Russia continues to wage war on Ukraine as Kyiv continues its fierce resistance. The United Nations’ Human Monitoring Mission warned that the Ukrainian death toll might actually be higher than what was officially recorded.
In a news conference in Geneva Tuesday, the UN’s Human Monitoring Mission head Matilda Bogner said that the death toll of Ukrainian civilians by Russians in this war might likely be thousands more than what was officially recorded. The finding suggests that Russian forces have been killing Ukrainians at random during the conflict that is approaching its third month.
“Overall, to date, we have corroborated 7,061 civilian casualties, with 3,381 killed and 3,680 injured across the country since the beginning of the armed attack by the Russian Federation. The actual figures are higher and we are working to corroborate every single incident,” said Bogner.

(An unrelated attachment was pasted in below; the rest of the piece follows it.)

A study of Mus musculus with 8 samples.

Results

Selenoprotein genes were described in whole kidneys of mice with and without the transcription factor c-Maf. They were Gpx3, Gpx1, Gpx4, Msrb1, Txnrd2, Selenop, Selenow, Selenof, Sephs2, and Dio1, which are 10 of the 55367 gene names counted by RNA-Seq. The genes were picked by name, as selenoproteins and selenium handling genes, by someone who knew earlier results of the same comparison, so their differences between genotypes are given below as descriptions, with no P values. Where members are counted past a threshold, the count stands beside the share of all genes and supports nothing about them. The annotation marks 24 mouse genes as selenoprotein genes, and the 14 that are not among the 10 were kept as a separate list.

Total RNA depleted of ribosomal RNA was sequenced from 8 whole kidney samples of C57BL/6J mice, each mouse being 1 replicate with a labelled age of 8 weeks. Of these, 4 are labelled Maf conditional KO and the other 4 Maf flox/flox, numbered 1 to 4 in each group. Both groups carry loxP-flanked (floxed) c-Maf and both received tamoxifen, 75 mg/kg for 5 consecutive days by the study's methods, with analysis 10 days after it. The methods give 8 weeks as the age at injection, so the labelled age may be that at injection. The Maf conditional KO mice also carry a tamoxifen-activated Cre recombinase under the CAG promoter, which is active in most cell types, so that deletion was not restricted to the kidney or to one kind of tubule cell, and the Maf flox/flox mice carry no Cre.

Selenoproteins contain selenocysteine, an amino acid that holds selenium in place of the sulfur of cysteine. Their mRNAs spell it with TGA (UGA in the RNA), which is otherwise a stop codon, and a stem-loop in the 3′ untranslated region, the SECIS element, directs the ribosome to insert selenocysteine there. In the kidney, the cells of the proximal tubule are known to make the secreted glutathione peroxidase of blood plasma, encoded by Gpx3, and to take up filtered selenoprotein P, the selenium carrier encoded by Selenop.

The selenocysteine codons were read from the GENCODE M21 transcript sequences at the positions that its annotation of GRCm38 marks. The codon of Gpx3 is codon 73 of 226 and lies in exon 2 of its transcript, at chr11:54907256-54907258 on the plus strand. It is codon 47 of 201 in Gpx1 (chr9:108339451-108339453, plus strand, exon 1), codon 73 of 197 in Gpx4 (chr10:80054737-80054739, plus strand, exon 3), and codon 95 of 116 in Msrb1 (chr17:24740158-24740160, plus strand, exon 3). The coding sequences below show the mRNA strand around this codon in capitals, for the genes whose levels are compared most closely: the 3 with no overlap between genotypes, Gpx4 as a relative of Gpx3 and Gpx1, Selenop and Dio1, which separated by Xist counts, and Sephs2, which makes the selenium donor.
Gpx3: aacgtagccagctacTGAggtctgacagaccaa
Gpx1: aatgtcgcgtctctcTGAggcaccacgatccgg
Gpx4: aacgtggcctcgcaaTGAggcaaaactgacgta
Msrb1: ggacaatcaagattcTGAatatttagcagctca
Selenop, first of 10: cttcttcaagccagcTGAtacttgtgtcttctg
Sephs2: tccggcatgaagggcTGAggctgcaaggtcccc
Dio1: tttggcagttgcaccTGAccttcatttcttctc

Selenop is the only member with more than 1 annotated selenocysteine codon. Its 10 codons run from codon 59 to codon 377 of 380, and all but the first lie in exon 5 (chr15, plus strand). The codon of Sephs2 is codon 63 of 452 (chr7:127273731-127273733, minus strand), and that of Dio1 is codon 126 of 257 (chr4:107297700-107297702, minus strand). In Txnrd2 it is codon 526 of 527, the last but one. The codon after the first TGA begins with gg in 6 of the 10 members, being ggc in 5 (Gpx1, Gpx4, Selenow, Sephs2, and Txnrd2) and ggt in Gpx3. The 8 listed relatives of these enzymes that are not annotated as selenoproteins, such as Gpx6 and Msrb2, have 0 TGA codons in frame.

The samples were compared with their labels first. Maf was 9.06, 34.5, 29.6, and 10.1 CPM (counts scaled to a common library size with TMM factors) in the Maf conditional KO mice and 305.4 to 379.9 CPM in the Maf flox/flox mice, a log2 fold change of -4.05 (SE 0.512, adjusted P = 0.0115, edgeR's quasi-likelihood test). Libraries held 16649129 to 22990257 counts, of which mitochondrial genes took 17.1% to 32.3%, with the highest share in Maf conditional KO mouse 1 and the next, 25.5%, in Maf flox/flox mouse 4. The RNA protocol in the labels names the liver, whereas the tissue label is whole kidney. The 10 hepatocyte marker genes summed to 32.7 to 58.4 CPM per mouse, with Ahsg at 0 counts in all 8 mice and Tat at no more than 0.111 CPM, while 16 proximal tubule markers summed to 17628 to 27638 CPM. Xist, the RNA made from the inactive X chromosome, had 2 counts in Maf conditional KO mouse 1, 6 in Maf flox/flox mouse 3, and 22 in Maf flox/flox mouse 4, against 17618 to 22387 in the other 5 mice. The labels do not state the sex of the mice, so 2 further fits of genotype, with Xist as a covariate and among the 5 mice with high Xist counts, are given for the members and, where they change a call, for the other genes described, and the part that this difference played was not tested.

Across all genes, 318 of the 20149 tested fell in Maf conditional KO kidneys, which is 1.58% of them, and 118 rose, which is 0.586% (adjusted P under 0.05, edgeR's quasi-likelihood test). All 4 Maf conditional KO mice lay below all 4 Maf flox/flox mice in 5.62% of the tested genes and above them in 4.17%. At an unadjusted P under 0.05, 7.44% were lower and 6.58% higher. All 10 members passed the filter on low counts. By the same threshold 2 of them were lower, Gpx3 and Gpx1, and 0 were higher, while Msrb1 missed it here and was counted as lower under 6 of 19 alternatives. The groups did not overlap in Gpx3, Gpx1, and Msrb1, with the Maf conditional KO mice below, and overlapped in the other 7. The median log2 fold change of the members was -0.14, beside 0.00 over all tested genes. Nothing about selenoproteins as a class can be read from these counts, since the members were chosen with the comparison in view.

“We have been working on estimates, but all I can say for now is that it is thousands higher than the numbers we have currently given to you,” said Bogner.
The UN team in Ukraine said that most of the deaths took place from the use of explosive weapons such as rockets and air raids. The UN team found that the high number of civilian casualties suggests that Russian forces are attacking indiscriminately and disproportionately.
The lack of access to health facilities and medical care has also contributed to the growing casualty count as it was often too dangerous for people to leave their homes.
Bogner also said that the team was also looking into allegations of sexual violence committed by Russians on Ukrainian women and girls, as well as men and boys. Ukrainian women and girls were mostly targeted by such crimes.
Meanwhile, the US House of Representatives has passed legislation that would authorize more funding to Kyiv. The latest package, worth $40 billion, would provide Ukraine with economic and military assistance as well as assist regional allies and replenish weapons that the Pentagon has already sent to Ukraine. The package would also address the food shortage that Ukraine is experiencing due to the war.
The House passed the bill on a 368-57 vote this week.